Riot police protect Dáil from small protest group

Riot police, some on horseback, are on standby outside the Dáil where a small splinter group has broken away from the mass trade union-led rally in Dublin city centre.

Riot police, some on horseback, are on standby outside the Dáil where a small splinter group has broken away from the mass trade union-led rally in Dublin city centre.

Masked protesters are firing bangers into the crowd and at Gardaí, and burning Fianna Fáil posters.

Earlier, more than 50,000 people gathered outside the GPO to demonstrate against the Government's austerity measures.

Public service workers, students and left-wing political groups marched through Dublin under the banner of the Irish Congress of Trade Unions (ICTU) to demand a better and fairer way.

Thousands then filled the capital’s main thoroughfare, O’Connell Street, for a mass rally outside the historic GPO – where the 1916 Proclamation of Independence was read.

Jack O’Connor, president of the SIPTU trade union, said the Government’s recovery plan and bailout was about rescuing the people – “But it’s about rescuing the people at the top of the banks in France and Germany,” he told the cheering crowds.

Gardaí said the protest passed peacefully, with no arrests made during the day.

After the protest hundreds of activists broke away and marched to the Dáil, where masked men set fire to an election poster of Taoiseach Brian Cowen.

Dozens of gardaí are at the scene.

The Dublin march followed news of an €80bn rescue package to bail out the Irish economy and details of the Government’s four-year national recovery plan.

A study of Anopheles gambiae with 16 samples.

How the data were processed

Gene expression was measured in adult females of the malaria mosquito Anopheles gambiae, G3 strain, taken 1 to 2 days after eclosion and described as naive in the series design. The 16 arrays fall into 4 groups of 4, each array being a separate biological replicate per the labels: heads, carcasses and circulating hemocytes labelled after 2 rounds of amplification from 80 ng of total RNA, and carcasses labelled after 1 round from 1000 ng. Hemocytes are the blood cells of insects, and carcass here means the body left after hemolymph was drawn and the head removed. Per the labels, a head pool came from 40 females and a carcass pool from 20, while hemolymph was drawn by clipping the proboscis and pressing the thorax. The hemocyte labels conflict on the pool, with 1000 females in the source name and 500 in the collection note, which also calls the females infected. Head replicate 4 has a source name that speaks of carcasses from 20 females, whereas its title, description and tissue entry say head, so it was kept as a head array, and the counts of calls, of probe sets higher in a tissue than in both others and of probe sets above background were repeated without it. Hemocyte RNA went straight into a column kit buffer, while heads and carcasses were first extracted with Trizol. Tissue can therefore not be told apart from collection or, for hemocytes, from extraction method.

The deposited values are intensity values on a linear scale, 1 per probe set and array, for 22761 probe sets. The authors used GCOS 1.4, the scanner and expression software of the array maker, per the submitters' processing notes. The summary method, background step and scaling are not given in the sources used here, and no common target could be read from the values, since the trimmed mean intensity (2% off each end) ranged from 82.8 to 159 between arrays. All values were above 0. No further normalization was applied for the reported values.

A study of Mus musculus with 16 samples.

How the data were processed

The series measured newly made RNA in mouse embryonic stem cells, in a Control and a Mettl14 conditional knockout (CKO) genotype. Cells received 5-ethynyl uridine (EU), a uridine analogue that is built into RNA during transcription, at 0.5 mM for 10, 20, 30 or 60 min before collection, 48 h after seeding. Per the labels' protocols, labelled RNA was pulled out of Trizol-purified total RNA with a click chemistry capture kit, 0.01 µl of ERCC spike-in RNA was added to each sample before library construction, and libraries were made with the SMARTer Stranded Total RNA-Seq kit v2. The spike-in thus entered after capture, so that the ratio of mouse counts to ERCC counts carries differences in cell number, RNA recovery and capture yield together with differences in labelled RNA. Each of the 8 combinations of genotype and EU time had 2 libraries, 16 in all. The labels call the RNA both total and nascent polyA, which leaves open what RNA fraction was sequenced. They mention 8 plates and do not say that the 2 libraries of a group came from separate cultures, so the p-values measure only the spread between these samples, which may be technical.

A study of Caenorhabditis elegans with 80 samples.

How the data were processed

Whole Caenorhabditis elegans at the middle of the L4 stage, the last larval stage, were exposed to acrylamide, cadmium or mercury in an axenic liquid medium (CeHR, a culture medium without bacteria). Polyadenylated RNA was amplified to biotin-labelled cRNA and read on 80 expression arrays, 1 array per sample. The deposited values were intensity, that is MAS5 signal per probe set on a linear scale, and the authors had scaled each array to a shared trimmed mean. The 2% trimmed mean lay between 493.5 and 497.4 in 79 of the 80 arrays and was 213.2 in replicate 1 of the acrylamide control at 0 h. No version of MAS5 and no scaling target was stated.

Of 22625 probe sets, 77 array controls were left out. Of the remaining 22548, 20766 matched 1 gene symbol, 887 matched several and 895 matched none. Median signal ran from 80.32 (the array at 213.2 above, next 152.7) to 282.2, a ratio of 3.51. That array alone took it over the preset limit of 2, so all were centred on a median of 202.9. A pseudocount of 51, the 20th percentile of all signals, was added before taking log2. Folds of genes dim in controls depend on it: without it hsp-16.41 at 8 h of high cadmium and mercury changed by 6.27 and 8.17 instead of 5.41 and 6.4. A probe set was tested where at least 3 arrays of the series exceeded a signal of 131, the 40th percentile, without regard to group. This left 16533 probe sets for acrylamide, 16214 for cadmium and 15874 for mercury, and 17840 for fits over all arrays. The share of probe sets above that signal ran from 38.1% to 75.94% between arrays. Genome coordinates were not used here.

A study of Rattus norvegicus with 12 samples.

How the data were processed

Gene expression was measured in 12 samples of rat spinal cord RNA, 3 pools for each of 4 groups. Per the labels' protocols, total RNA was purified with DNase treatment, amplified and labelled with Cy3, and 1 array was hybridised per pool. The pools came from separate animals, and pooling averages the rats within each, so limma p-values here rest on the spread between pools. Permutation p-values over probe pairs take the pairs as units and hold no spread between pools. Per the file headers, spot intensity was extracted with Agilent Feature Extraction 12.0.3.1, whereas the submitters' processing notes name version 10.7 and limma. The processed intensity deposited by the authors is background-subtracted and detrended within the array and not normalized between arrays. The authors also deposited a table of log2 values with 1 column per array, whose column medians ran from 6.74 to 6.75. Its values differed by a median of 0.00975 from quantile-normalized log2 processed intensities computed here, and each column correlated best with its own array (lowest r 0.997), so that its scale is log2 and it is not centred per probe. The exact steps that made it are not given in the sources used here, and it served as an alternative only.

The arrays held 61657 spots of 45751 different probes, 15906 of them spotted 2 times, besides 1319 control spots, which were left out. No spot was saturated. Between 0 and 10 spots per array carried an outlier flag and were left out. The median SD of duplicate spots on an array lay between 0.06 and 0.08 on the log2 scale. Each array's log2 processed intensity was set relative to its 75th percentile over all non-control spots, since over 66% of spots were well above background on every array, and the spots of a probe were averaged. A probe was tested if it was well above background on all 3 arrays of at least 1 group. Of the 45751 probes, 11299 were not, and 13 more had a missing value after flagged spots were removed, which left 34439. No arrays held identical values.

Drastic measures include slashing the minimum wage, €3bn in social welfare cuts, a rise in tax and the axing of 25,000 public sector jobs.

An austerity budget is planned for December 7 – when €6bn of cuts will be made.

Single parent and student Vicky Langan, 24, travelled from Cork with her three-year-old daughter Sionnach to demonstrate.

“I’m worried about my child’s future as an Irish citizen and I’m seriously considering upping the two and leaving the country if things take a turn for the worse,” she said.

One steward told protesters he feared some Government ministers might be among the crowd.

“We have been warned to ask you about pickpockets,” he said.

But one enterprising Dubliner was attempting make some money at the protest, selling gloves to demonstrators out in the winter chill.

Hospital porter Brian Condra said he fears he will struggle to feed and clothe his three young children after the budget.

“Brian Cowen said three days ago people should pull together, I think he has a neck because he is ripping this society apart,” said Mr Condra, 39, from Drogheda.

“He’s destroying this country to protect the banks. I’m already struggling.

“I’m mad because I work for a health service and I’ve seen a health service being dismantled.”

As the large crowds dispersed, activists and left-wing political parties, led by Independent Socialist MEP Joe Higgins, held a second smaller rally under the statue of patriot Daniel O’Connell.

He said it was time the trade union movement was reclaimed.

“The leadership is not leading a serious fightback in opposition to this disaster,” said Mr Higgins.

“The union leaders are simply saying bring down the debt over a longer period of time. That’s disastrous.

“Our plan is the working class people of Ireland not pay for a single cent of the tens of billion of euros that was strangled in bad debt.”

The protest came just 24 hours after the government suffered a blow with a by-election defeat to Sinn Féin, leaving the coalition government with a majority of just two.

More in this section

War of Independence Podcast

A special four-part series hosted by Mick Clifford

Available on
www.irishexaminer.com/podcasts

Commemorating 100 years since the War of Independence

Home Delivery
logo-ie

HOME DELIVERY SERVICE

Have the Irish Examiner delivered to your door. No delivery charge. Just pay the cover price.